This item originally appeared in the September 23, 2004 issue of The Tech Talk.
By CANDACE MIERS
The new University Park Apartments have brought more sophisticated living quarters for Tech students, but have not eliminated dorm parking problems.
David Parker, a resident of the apartments and a junior graphic design major, is enjoying his new home with his roommates.
Parker said an aspect the residents share is one parking lot. All five buildings of the Park Apartments have to share the same parking lot. According to Student Life records, there are about 100 parking spaces. Housing records have listed 188 residents of the apartments.
"I used to park across the street, but the girls kept getting mad," Parker said, referring to Sorority Lane.
Sorority meetings have been held to discuss the parking problems, Nicole Chico, president of the Pan-hellenic Council, said. She is taking suggestions on how to fix the matter.
Ray Spoon, a Tech traffic clerk and a graduate student in psychology, said Sorority Lane is not university parking, therefore, vehicles in that parking lot cannot be ticketed.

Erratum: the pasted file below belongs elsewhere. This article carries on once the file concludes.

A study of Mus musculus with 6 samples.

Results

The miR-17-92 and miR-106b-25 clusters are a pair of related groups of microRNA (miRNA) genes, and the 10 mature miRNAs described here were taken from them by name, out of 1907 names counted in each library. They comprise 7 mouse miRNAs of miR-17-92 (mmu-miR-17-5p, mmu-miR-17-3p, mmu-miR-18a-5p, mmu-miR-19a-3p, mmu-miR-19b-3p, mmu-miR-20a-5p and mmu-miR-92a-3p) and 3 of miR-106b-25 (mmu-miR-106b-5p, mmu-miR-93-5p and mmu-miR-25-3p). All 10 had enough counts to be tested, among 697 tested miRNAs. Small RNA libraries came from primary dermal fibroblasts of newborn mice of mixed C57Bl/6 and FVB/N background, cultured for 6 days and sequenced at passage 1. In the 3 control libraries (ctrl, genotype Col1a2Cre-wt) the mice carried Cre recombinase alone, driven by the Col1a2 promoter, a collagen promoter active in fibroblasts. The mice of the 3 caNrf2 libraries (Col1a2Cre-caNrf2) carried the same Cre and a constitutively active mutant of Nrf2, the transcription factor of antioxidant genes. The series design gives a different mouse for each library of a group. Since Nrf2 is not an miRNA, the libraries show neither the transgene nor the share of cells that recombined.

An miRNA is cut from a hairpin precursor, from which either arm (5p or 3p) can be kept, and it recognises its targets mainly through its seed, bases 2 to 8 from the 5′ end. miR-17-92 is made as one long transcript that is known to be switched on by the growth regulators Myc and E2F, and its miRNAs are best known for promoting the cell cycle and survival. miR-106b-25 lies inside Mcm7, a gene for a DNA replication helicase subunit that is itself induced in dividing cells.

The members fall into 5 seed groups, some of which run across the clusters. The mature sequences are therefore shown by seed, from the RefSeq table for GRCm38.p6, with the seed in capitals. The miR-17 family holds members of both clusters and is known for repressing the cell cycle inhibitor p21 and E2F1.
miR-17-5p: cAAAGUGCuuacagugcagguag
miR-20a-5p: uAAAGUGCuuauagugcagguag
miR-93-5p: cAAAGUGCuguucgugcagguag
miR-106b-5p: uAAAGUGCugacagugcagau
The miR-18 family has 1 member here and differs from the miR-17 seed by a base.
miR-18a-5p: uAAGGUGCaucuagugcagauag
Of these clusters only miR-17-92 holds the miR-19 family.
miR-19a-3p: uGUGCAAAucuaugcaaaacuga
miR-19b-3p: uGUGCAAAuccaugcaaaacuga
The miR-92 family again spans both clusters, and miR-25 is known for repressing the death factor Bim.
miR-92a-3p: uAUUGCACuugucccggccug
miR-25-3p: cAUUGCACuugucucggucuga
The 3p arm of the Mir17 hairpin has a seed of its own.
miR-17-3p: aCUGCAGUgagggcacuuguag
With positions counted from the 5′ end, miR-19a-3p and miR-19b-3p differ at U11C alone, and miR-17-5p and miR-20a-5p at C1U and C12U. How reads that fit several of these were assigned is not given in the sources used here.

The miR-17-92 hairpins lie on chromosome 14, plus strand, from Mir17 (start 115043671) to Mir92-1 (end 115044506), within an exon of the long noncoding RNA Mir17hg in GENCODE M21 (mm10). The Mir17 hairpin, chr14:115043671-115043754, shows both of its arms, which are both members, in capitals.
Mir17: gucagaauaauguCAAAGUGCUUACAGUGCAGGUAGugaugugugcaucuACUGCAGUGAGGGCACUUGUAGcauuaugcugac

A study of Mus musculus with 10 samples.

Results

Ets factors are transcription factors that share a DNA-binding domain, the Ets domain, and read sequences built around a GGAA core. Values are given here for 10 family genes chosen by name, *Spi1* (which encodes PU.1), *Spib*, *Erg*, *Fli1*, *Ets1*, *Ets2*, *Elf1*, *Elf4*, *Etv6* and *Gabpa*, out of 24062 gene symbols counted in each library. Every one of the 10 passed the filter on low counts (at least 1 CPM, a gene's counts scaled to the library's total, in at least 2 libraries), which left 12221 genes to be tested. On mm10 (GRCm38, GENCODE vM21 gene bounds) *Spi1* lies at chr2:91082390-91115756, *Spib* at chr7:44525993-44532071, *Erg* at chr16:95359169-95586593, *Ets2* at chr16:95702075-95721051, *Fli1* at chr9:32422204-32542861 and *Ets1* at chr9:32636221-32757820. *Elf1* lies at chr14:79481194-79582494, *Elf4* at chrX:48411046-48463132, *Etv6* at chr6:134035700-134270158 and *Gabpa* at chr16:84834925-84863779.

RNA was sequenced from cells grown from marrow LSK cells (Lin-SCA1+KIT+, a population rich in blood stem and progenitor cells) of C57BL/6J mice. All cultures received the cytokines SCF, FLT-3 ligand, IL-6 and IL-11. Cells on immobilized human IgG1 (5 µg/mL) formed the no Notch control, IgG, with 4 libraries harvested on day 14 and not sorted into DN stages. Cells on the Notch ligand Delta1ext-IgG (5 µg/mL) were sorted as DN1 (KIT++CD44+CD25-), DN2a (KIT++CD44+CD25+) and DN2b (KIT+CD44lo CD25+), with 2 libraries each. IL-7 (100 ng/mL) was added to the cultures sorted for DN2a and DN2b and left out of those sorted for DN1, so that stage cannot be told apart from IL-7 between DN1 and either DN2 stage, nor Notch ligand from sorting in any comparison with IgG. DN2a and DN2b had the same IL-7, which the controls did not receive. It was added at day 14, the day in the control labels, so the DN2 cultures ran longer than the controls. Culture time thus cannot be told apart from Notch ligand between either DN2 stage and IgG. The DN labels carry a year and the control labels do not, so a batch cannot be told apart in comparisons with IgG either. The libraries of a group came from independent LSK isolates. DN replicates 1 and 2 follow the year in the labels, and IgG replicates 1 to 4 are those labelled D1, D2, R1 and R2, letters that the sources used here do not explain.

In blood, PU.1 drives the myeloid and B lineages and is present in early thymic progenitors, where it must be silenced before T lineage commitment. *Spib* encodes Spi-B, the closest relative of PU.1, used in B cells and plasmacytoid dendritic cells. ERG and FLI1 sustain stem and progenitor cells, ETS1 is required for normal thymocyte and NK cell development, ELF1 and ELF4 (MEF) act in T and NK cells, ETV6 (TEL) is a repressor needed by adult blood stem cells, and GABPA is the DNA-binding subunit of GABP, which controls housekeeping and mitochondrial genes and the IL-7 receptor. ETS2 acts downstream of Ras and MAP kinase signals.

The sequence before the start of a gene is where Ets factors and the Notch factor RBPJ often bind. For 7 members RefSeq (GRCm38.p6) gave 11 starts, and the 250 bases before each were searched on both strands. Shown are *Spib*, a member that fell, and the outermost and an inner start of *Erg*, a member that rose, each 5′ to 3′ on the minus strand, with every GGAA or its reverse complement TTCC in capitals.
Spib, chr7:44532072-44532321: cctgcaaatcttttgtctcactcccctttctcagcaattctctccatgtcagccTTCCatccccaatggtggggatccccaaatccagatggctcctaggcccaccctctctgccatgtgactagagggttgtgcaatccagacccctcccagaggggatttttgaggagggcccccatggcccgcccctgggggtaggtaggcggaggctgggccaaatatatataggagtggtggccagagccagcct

Since the lane is privately owned, the Panhellenic Council will start towing all vehicles that do not have permission to park on Sorority Lane, Chico said.
"I don't want to walk to class, I want to drive," Parker said. "When I get home, there isn't any parking left."
Parker will not be discouraged for long, according to Dickie Crawford, dean of student life. Crawford said by the end of fall quarter there will be an additional 300 parking spaces that will extend to Bearcat Drive and behind the Maxie Lambright Intramural Sports Center.
March will bring another 200 spaces for residents across Alabama Avenue. Around the side of the Pi Kappa Alpha and Sigma Nu fraternity houses will be gravel parking, also for the apartment residents. "We are trying to do the best we can," Crawford said. "The bids for contractors will be awarded next week, then construction can begin."
Some residents have no complaints.
Justin Lambert, a University Park resident and a junior mechanical engineering major, believes the little problems are all worth it.
"I like being able to take a shower and not worry about catching diseases if I don't wear flip flops," Lambert said.
Proximity is another benefit of living in the apartments. Lambert said, "I have all the benefits of living off campus, like overnight guests and my own bedroom, but I can get to class in five minutes."